The Orange County district attorney’s office has seized the petitions in the unsuccessful recall effort against Newport Beach City Councilman Scott Peotter over concerns about “potential irregularities,” the city said Friday.
The DA’s office served a search warrant to take the petitions from the Orange County registrar of voters office in Santa Ana, according to an email that Newport Beach City Clerk Leilani Brown sent to the City Council, city manager and city attorney.
“The search warrant was served under seal and we have not received a copy of the search warrant,” Brown wrote. “I am in contact with the DA’s office and hope to receive more information next week.”
Further details, such as specific allegations or the date the warrant was served, were unavailable.
Brown said she received word of the seizure from the registrar’s office. Registrar of Voters Neal Kelley referred questions to the DA’s office.
District attorney’s spokeswoman Michelle Van Der Linden said she can’t comment on the case unless charges are filed.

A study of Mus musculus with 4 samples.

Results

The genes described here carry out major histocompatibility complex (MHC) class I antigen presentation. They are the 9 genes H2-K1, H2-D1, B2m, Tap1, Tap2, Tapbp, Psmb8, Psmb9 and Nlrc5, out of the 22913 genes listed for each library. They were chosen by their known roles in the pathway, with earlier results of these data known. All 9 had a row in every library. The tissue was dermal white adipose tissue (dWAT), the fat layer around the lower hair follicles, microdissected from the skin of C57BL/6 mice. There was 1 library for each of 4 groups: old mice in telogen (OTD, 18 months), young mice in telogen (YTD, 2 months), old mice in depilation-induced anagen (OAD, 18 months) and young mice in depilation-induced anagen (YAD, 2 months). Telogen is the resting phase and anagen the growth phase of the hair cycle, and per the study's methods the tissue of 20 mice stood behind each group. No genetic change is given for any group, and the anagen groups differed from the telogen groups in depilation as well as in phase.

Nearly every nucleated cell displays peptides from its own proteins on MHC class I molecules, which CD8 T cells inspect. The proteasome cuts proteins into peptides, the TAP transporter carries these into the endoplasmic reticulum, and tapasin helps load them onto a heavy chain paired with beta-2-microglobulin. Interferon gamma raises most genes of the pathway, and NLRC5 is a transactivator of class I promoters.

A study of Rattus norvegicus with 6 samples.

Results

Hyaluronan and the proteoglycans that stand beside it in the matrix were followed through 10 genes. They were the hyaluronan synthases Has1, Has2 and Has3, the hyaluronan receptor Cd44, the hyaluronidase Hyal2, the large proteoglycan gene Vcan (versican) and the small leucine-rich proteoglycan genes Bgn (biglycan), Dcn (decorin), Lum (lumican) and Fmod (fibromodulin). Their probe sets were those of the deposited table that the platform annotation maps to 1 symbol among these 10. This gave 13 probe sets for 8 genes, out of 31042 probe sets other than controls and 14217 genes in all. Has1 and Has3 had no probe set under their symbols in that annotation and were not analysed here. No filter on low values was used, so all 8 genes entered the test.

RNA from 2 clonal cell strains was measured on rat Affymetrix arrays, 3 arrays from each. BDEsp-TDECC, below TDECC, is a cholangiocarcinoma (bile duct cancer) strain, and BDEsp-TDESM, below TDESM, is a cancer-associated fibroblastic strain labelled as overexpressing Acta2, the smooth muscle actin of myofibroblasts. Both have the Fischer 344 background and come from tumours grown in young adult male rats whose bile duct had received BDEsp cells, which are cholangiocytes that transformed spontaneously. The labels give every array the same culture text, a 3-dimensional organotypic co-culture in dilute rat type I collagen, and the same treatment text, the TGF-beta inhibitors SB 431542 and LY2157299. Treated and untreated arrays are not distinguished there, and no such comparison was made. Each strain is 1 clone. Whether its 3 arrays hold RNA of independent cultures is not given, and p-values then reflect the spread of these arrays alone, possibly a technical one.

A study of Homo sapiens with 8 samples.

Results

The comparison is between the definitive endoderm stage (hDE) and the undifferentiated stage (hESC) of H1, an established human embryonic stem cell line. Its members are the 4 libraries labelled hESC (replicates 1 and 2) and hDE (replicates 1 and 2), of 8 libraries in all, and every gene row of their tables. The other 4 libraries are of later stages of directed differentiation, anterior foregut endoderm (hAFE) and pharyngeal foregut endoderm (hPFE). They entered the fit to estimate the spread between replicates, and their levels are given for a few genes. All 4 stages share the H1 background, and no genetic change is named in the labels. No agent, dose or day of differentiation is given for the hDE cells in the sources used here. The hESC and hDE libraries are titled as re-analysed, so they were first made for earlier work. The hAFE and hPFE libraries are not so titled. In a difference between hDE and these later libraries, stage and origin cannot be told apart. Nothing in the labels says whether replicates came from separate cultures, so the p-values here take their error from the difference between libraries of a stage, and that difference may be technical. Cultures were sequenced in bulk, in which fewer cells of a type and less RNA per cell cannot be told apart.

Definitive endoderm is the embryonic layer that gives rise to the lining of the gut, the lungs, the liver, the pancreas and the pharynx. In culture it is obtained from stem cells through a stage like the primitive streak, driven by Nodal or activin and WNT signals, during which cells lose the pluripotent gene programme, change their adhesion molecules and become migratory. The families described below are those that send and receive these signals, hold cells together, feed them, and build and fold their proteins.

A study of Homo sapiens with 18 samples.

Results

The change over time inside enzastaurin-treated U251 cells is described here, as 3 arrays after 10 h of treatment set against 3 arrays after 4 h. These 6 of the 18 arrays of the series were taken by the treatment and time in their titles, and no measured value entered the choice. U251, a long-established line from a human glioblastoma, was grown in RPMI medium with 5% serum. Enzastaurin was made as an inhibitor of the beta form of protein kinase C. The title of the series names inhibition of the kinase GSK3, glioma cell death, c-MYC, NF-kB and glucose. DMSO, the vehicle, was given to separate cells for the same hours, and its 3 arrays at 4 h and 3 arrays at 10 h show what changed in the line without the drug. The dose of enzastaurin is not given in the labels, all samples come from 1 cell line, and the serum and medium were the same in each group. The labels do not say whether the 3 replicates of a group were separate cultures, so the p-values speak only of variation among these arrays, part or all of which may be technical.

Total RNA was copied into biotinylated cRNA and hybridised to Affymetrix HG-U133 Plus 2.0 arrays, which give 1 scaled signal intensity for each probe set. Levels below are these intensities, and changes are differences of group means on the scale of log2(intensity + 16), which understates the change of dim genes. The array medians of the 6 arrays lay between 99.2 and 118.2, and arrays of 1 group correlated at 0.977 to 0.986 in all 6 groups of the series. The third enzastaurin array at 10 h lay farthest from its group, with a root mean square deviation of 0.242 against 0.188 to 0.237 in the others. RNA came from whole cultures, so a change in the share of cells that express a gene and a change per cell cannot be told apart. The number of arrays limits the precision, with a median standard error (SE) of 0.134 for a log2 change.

Phil Greer, a recall proponent and lawyer for the Committee to Recall Scott Peotter, which organized the petition drive, said Friday that he doesn’t believe anyone on the committee was implicated in the irregularities. Fellow recall organizer Susan Skinner said she believed a third-party circulator may have forged signatures.
Peotter said he found out about the DA’s investigation when the rest of the council did Friday.
The registrar announced in December that the recall group fell short of forcing a special recall election. The committee submitted 10,696 signatures in October. The county threw out 2,357 as invalid. That left 8,339 valid signatures, 106 shy of the needed 8,445, representing 15% of the city’s registered voters.
Recall proponents initially said they would seek another round of verifications. But they said this week that they would not further challenge the examination of the petitions after several proponents inspected rejected signatures and said they appeared to be disqualified appropriately.
Recall supporters cited several issues of policy and civility in seeking Peotter’s removal, including his support of the now-scuttled Museum House high-rise condominium project. The group also said he insulted residents and colleagues and made poor financial decisions for the city, such as his August vote — along with four other council members — to decline the city’s share of state gas tax revenue in protest of the tax.
Peotter has said the recall effort targeted him for being “politically incorrect.”
He is up for reelection in November.